Friday, October 1, 2010
The Place Where No One Was
The Cherokee National Forest lends itself well as a place of retreat. Not as crowded as the nearby Great Smokey National Park one can head back into the wilderness and not see another person for days, especially during the weeks after the summer vacation season has ended. It was my third day of hiking the backcountry and I had not seen another human being the entire time.
This late September morning had emerged from a briskly cool night and now the midmorning sun filtering through the trees was beginning to warm the air. In the weeks to come the leaves would begin to turn to fire, then the fire would fade and a skeletal forest would stand looking cold and dead. But for now Indian summer lingered.
Following the trace of one of the many old logging roads that weave through the Cherokee, I surmised that I would probably be nearing the North Carolina border by evening if I maintained my present pace. Not that it mattered. I wasn't going anywhere other than to wherever it was I was going. I was just walking and just thinking and just being away.
As I walked in thoughts, I detected an odd musky animal-like smell. Cautiously I followed the emanation of the odor. I came to a place beside a broad shallow stream which whispered and gurgled to whomever who would listen. Sunlight glinted on the clear water. There beside the stream was a large furry mass.
Drawing cautiously closer lest I frighten a resting animal that could attack me, I watched carefully. My heart pounded as my breathing nearly stopped. Seeing no movement from the beast I very quietly inched forward. The animal was obviously dead.
I warily circled the carcass, which looked like it had only recently died. It was not a bear like I initially had thought. And it was not like any other animal I had ever seen. I guessed that it was probably nearly seven foot in height and perhaps it might have weighed three hundred pounds or so. It had a very human form, but was totally covered in grayish brown bristly fur.
It was not like any primate that I had ever seen. And though I was certain that it was not an ape, I also knew it was not a man. But its face--its face was so peaceful, so beneficent that I wanted him to be alive. I wanted him to be here with me to impart a secret wisdom known only to this being from the mountain forest. A sense of deep sadness welled from within me and rested on my shoulders and in my chest as my vision blurred from my watery eyes.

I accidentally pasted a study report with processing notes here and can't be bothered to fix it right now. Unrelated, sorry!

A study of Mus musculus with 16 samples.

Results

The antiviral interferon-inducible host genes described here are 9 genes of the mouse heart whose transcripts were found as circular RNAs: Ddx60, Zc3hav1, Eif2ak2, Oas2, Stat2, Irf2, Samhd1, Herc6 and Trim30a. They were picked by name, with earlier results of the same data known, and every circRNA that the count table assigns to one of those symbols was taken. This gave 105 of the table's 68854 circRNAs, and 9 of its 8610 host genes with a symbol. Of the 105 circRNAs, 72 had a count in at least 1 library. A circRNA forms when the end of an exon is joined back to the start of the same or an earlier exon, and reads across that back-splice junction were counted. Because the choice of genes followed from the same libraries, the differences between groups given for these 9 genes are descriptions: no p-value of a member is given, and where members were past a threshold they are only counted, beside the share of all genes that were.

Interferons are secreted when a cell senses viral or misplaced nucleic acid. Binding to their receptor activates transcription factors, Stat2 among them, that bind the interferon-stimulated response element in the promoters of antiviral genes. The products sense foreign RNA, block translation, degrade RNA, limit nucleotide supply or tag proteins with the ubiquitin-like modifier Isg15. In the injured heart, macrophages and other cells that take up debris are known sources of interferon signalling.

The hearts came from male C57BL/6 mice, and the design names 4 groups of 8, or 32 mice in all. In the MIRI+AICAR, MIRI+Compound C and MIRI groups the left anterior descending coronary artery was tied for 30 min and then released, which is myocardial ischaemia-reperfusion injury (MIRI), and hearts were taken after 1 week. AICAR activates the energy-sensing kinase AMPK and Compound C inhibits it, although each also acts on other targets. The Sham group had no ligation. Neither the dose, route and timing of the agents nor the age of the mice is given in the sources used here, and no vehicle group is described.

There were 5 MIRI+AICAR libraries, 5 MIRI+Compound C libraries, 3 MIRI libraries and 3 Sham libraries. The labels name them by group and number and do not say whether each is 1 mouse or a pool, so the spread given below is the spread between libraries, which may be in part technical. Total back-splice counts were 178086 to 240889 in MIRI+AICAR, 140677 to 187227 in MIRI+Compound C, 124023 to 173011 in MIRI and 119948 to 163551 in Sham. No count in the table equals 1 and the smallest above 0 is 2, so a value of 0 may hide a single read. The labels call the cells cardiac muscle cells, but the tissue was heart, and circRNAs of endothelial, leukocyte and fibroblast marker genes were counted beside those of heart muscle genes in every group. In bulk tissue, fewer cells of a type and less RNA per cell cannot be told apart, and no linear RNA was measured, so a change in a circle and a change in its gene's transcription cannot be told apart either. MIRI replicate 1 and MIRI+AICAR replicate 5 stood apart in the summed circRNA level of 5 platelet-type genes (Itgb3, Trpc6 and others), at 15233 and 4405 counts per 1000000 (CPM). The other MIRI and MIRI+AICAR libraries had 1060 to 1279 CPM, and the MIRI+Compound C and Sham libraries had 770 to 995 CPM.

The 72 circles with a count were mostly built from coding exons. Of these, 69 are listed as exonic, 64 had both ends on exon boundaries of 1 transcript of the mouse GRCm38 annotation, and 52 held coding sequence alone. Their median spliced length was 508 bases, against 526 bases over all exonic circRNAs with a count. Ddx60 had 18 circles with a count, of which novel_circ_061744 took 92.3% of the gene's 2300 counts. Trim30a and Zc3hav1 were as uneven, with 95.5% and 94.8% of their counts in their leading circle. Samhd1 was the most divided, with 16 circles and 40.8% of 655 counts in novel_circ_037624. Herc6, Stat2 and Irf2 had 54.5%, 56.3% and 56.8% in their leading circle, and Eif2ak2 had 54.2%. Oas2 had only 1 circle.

Recomposing myself, I took a deep breath and realized I had found a Sasquatch--the creature of legend sometimes known as Bigfoot. I had made a truly amazing discovery and I needed to tell somebody. I lumbered back up to trail with my backpack feeling like the weight of a millenium of sorrows and regrets. I was not sure where the nearest outpost of civilization was, but even at my fastest pace it would take at least a full day of walking to get back to where I had started. This day was now half gone.
Realizing that I needed to somehow mark this spot so I could find it on my return, I looked around for a landmark. Nothing looked much different than anything else that I had been seeing for two days. Gathering stones from the river would have taken several trips and used up precious time.
I unstrapped my backpack to find something to hang on a tree. I decided upon an aluminum cook pan which I was able to hang from the stub of a tree branch. The pan would hold up and not be likely to be destroyed or carried off by animals. Satisfied that the site was marked, I gathered up my pack and began walking back to where I had started.
I had only walked a short distance when I stopped. With my eyes closed, my head fell. I had to go back. I began to feel uncertain and would not want to come back to find nothing. I had to be sure of what I saw. I returned to where I had marked the tree with the pan.
I retraced my way back to the place where I had found the Sasquatch. Staring intently groundward I came to where the body had been. My shoulders fell as I expelled a deep sigh. A tangle of brush and vegetation lay in the spot where I could have sworn I saw the corpse with the face of an angel. How could I have thought that I had seen what I thought I had seen?
My contemplation was interrupted by a splashing sound from the stream. I looked up to see a procession of the hirsute creatures climbing onto the opposite stream bank carrying the remains of the fallen Sasquatch that I had seen. Trailing behind was a smaller version of the strange beings. A child creature turned to me and gazed innocently, slowly cocking its head with a quizzical expression. We momentarily locked eyes and the thing seemed to smile. It then turned and followed the others disappearing into the woods on the other side.
I stood in wonderment as my skin tingled. The stream flowed and the sunlight sparkled on the passing waters. There was only the sound of the watery flow until a sudden whoosh passed overhead through the trees as though an immeasurable spirit had passed over the place and then left.
A lone cloud briefly obscured the sun, casting a landscape-devouring shadow. I made my way back to the road and removed my aluminum pan from the tree and put it back into my pack. I walked at a steady pace, stopping to sleep when darkness came, then wakening with first light to continue on to the place where I had parked my van in the campground where no one was camped, which was next to the picnic area where no one was picnicking, and I left the National Forest where no one was except for me. And then I was gone as well.